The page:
Posted by Editoress on 05/31/09

Emma Pooley (Cervelo Test Team) became the first rider in the history of the Montreal Women's World Cup to literally lead the race from start to finish, with an amazing display of perseverance and power.  The effort the Olympic sliver medalist put forth was apparent during the award ceremonies, when she almost had to be helped up the three steps to the stage, and grimaced while clambering onto the top spot on the podium.  Emma Johansson (Swedish National) took a photofinish second place over Trixie Worrack (Equipe Nürnberger Versicherung), and takes the leader's jersey from Marianne Vos (Ned), who did not attend.  Erinne Willock (Webcor) was the only Canadian to make the final chasing group of ten, finishing eighth.


The 10 kilometre Montreal circuit is dominated by the three kilometre climb up Mont Royal on each of the 11 laps, however, it is not the only difficulty riders face in breakaways.  The rough roads jar arms and shoulders, and make it very hard to find a smooth rhythm, and headwinds on sections make going it alone difficult.  On the other hand, these obstacles, and the twisty turns through residential Outremont make mounting a organized chase difficult as well.

Pooley is well known for breaking away early - "Usually they let me hang out to dry for about 80 kilometres and they reel me in," she commented afterwards.

Not this time.

Barely a kilometre into the race, and the Brit was already 15 seconds up on a chase by Andrea Dvorak (Colavita Sutter Homes) and Katheryn Mattis (Webcor Builders), with the peloton seemingly disinterested.  By the halfway point her lead was over two minutes to the chasers, and four minutes to the peloton.  It wasn't until lap six that Nürnberger and Columbia-Highroad finally began to chase, which split the field and brought the core group down to under 30 riders.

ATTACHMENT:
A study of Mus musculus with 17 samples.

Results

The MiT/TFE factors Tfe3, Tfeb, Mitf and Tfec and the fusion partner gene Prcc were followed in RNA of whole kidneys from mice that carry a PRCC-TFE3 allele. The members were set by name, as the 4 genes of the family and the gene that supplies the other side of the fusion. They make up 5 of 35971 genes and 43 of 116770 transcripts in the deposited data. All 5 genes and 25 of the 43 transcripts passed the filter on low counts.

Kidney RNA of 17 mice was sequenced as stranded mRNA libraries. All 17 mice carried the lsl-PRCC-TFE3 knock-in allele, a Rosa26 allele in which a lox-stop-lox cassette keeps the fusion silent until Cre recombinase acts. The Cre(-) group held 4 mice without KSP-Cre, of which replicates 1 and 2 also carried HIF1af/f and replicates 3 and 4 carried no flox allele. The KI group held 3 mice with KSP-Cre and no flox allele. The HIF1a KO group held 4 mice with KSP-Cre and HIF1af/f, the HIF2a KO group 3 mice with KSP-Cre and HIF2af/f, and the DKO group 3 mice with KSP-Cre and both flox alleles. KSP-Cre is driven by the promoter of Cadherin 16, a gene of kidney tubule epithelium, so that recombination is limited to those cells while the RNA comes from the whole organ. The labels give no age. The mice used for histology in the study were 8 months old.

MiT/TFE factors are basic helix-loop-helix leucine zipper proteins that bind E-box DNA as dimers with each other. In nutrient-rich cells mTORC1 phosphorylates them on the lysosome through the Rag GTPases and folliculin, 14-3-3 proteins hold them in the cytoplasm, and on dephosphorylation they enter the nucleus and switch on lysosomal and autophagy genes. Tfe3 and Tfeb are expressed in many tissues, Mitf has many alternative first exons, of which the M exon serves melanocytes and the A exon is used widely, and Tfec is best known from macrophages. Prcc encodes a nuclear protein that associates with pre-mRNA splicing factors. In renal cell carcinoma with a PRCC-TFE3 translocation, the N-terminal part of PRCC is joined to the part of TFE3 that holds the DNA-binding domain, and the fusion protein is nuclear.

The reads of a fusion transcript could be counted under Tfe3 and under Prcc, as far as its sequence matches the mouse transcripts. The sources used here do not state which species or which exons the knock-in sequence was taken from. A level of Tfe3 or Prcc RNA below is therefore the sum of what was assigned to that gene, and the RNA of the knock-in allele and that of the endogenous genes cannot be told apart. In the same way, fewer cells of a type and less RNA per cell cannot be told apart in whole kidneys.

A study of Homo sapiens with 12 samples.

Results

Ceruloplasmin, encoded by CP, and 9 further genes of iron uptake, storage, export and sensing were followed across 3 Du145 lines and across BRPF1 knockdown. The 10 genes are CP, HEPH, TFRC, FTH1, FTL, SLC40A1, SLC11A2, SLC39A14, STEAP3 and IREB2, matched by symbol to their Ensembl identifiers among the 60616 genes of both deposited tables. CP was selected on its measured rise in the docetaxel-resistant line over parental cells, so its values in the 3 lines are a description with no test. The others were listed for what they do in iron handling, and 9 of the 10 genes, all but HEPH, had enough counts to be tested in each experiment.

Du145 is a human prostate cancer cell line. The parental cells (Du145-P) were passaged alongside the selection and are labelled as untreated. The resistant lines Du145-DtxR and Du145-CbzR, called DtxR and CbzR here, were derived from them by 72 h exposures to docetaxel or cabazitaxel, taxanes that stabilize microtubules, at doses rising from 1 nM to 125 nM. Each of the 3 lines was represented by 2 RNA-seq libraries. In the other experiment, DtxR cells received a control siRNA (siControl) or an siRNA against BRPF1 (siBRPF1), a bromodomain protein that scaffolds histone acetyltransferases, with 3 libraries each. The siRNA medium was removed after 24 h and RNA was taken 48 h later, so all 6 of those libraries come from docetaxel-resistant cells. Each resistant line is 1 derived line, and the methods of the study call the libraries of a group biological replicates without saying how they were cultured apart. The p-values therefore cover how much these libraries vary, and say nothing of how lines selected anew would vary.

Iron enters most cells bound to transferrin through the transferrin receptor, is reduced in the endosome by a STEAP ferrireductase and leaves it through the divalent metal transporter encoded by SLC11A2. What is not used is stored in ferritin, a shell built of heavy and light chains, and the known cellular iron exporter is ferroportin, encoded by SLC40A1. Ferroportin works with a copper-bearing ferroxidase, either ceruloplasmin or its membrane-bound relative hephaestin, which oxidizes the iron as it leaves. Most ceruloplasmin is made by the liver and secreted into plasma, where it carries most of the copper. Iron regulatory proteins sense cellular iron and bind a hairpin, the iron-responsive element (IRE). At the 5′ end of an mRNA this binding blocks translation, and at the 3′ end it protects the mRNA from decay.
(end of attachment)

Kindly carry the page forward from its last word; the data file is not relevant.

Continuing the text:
The chasers were gobbled up by lap eight, but Pooley remained persistently out in front, and the gap was coming down very, very slowly, as the chase had difficulty getting organized.  With two laps to go it was down to ten riders chasing, still at two minutes, and at the top of the Mont Royal climb on the last lap Pooley was virtually assured of victory, with 1:50 in hand.

Nevertheless, she said "I wasn't really sure that I had done it until I could see the finish line.  I was very tired on the last lap, and you never know what can happen.  This is really unexpected, really quite amazing."

For Willock, it was a pleasing performance.  The 2008 Olympian has only competed in one previous race this season (Joe Martin), as she took some time off after the Olympics for school.

"Yes, I'm actually quite pleased.  I didn't know what to expect, because these girls have a lot of racing, and I haven't done so much.  It felt good out there, and I tried a little attack on the last lap, but couldn't get any ground.  There were enough sprinters in the group that I knew my chances were pretty limited."